Scott Crider, Ph.D. - First Generation Faculty - University of Dallas

Scott Crider, Ph.D. - First Generation Faculty

Scott Crider, Ph.D.Scott Crider, Ph.D.

Professor, English

I was born and grew up in Sacramento in Northern California, where my father was stationed at McClellen Air Force Base, and my mother took care of my two sisters and me. My Mom had gone to UCLA for a semester, but dropped out when her family’s business failed; my Dad had just his high school diploma.

So my older sisters went to California State University in Sacramento—because it was there and affordable. I went there because they did: I didn’t even look at other schools.

I lucked out and got a fabulous education from teachers who had themselves received marvelous liberal educations at fine schools. I became a lover of learning under the influence of those remarkable teachers, whom I still use as models in my own teaching. They taught me to read and write, and listen and speak, the arts fundamental to humanistic education and civic participation, and those arts prepared me for the highest level of academic work.

I kept going for a Masters after the Bachelors, thinking I would teach high school. No one in my extended family had ever worked in higher education. That was for other people. But my wife persuaded me to get a Ph.D., so I went to the University of California at Riverside, after which I came to UD, where we’ve been happy ever since.

I was an FGS before the term existed, and like others, missed opportunities because my family did not know they existed and those opportunities often required a pedigree I didn’t have. But I thrived anyway, in part because of my privilege as a straight white male, in greater part because I wanted to learn and I was willing to do the hard but glorious work of catching up (which never ends). Eva Brann, the legendary woman of letters at St. John’s College, Annapolis says that any student who can read and count is ready for a liberal education—if, that is, they desire the education and are willing to discipline their desire to achieve it.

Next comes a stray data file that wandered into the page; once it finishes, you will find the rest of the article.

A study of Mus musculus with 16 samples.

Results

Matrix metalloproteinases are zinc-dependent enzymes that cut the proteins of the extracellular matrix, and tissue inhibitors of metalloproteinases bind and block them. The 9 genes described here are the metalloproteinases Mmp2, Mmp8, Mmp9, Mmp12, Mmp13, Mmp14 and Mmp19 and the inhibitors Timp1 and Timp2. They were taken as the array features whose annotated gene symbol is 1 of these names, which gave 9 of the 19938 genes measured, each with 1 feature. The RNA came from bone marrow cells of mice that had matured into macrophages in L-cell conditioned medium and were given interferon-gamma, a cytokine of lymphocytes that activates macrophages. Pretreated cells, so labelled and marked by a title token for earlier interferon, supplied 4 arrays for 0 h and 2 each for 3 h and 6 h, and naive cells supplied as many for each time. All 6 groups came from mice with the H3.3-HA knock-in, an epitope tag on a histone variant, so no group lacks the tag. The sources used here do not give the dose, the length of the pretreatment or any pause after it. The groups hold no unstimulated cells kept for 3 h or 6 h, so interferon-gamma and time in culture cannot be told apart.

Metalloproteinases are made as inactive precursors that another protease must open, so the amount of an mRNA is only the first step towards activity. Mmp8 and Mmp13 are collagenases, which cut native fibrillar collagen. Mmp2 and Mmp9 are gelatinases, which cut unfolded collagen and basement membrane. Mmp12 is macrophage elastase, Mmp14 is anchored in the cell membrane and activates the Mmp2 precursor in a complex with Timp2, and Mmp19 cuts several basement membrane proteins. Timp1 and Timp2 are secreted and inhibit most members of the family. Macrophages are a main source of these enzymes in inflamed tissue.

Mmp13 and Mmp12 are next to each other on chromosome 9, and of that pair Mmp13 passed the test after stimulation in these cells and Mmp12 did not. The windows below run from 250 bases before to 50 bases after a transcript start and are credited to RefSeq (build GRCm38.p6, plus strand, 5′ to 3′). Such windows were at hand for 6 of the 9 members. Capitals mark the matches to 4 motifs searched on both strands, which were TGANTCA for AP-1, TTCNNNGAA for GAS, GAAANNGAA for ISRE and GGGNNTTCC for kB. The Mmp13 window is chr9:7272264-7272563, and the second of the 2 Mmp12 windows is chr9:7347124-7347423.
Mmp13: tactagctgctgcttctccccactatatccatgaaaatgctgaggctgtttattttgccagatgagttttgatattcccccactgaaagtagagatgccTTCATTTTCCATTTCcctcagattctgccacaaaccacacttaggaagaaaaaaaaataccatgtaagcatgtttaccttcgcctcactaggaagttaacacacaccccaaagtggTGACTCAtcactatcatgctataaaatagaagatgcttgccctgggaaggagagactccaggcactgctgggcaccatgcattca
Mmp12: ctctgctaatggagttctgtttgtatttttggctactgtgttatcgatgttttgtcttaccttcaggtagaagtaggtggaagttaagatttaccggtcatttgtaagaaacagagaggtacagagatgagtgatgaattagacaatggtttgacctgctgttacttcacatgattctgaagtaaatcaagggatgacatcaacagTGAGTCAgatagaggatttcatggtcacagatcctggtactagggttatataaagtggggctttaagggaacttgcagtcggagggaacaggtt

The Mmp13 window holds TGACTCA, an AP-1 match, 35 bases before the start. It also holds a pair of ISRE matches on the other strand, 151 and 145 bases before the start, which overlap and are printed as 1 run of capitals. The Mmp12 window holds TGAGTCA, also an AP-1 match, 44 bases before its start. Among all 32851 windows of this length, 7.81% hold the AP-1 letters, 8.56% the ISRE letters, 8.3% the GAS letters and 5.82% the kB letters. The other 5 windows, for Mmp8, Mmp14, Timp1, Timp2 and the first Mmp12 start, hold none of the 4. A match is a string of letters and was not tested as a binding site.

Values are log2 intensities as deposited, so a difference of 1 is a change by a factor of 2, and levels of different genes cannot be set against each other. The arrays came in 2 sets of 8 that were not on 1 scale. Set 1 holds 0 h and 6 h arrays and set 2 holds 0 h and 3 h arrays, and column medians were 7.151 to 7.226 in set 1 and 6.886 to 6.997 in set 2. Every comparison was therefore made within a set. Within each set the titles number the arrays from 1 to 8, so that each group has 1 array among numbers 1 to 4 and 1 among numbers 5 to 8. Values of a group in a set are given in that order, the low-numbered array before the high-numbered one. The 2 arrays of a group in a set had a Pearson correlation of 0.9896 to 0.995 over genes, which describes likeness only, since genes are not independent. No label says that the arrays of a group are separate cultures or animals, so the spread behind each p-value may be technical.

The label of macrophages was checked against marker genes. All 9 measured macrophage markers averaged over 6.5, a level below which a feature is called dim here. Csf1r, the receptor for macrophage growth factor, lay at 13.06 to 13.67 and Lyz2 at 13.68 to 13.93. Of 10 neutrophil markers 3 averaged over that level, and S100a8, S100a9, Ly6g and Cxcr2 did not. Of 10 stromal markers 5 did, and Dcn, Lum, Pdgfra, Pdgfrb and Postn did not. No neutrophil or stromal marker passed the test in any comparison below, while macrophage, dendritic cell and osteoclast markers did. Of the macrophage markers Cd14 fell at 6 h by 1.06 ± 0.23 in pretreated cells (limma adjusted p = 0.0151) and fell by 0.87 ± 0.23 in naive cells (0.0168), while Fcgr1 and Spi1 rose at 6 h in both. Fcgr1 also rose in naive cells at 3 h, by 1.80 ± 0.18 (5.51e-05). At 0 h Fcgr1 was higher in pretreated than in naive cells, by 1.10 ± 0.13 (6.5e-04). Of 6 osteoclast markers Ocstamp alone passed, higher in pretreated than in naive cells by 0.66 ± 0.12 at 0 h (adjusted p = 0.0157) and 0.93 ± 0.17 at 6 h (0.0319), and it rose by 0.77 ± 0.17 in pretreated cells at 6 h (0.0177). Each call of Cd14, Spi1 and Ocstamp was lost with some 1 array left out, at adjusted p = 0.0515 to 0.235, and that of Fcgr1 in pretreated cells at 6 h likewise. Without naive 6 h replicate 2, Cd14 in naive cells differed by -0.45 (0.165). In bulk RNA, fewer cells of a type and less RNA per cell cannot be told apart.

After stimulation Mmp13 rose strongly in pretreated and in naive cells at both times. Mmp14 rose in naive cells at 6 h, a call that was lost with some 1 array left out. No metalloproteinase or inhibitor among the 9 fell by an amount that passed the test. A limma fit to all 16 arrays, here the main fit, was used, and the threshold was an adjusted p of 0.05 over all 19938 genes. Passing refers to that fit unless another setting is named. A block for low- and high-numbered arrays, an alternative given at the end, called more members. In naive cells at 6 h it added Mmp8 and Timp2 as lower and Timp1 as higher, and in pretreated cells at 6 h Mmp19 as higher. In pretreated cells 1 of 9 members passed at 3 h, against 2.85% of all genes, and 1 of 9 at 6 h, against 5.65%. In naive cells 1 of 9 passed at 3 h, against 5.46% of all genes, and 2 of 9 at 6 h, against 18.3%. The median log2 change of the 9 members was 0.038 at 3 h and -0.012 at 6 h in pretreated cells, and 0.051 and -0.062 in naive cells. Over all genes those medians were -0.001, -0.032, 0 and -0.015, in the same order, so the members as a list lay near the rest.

At UD, I have been committed for thirty years in helping those students of desire and discipline thrive in the liberal education we provide, animated by the obvious belief that every UD student is a UD student, whether they are from a legacy UD family, or they are from a family like mine, whose parents were good, intelligent, industrious people who sacrificed a great deal so my sisters and I could have an opportunity they did not.

After my father retired from the USAF, having put his children through college, he went to American River Junior College, where he did what I never did: he graduated with an AA with a 4.0 GPA.